World champion rower Michael Blomquist valued the chance for an Olympics gold medal in London more than an analyst job at Morgan Stanley. He said the decision wasn’t easy. “It’s always going to be a difficult proposition to walk away from good money and from something that is comfortable and straightforward,” Blomquist said. “I’m loving every day, but of course sometimes I do feel like I made a terrible decision. I walked away at a point where I felt like I was on an upward track at work.” The 30-year-old -- who won a world title with the U.S. men’s eight in Japan in 2005 -- quit his analyst job with Morgan Stanley in 2010 to try to get into the U.S. boat for the Olympic Games in London, which start July 27...Blomquist is based in Oakland, California. He’s covering his living costs out of his savings, passing up the chance to be earning 69,850 pounds ($112,000), the average salary of a London-based analyst with two to four years of experience, according to recruitment agency Reed Global. He declined to give his salary at the bank. [Bloomberg]
Morgan Stanley’s Gorman: What Investigation?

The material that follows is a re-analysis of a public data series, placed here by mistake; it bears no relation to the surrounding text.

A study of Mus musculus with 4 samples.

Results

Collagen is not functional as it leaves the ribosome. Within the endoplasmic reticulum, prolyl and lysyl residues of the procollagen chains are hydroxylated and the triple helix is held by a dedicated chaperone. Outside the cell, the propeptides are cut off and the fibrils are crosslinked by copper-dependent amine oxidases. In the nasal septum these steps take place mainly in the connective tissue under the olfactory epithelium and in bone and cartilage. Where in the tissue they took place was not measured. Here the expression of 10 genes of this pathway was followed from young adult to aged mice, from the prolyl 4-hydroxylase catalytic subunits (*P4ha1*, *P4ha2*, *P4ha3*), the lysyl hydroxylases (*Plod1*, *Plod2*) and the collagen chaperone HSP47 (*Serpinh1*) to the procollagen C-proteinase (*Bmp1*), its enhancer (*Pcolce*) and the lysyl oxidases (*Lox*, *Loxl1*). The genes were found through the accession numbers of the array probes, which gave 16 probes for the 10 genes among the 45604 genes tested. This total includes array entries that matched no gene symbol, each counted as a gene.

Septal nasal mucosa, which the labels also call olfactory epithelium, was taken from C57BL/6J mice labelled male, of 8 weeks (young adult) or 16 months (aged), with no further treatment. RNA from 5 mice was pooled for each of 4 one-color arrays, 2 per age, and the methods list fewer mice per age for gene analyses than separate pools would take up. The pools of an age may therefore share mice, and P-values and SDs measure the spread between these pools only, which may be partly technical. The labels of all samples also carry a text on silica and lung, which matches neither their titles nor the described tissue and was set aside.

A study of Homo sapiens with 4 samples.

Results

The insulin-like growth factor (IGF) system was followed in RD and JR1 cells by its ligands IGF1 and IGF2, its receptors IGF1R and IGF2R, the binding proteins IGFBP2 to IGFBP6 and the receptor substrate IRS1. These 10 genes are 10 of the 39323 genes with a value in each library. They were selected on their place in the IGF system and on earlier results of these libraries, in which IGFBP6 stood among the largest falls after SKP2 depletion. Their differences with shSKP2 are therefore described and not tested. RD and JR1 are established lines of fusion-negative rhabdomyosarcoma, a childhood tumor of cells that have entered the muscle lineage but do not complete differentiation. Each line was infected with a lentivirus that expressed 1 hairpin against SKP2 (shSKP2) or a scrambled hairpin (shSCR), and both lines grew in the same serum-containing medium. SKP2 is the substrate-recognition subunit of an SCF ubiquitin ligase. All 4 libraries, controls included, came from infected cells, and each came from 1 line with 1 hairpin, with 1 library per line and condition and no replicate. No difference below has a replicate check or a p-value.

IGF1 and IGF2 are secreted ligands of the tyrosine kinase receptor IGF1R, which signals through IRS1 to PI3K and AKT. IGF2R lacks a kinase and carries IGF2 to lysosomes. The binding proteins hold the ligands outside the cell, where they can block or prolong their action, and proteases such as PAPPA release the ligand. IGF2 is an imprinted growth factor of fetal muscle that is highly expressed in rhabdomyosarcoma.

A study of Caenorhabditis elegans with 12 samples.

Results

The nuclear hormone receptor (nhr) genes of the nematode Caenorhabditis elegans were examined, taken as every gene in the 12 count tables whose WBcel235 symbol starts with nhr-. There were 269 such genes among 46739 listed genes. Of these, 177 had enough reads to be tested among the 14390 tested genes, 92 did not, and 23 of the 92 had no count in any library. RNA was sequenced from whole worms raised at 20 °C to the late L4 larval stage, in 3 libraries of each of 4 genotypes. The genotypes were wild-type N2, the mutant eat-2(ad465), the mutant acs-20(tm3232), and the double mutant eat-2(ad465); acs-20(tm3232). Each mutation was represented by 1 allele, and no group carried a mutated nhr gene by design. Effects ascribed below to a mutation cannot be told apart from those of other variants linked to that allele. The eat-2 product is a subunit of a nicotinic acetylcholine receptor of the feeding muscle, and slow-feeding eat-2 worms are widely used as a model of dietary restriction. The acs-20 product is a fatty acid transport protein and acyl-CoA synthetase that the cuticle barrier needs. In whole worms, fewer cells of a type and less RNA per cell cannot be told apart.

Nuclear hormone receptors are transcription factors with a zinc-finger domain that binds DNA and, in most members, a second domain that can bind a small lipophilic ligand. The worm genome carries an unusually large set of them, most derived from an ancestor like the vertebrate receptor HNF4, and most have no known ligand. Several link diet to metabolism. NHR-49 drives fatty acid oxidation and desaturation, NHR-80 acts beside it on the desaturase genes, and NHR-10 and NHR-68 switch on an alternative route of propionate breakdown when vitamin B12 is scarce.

James Gorman, aka “Jimmy G,” is sick and tired of all these reporters suggesting his firm is under some kind of investigation by the Feds. Just because Goldman has been charged by the SEC, doesn’t mean Morgan Stanley, which lost a lot more money than GS during the crisis, also bet against its own shitty CDO deals. All the noise surely points to a conspiracy of short-sellers. We know who you are. Now go back to watching Miss USA pole dancing.
Bonus Watch '13: Morgan Stanley CEOs
The bad news: James Gorman's pay fell 30 percent this year. The good news: he's now in a position to show employees how to take these setbacks like a man, rather than grumbling like someone who puts their compensation in a one-year context to define their overall level of happiness.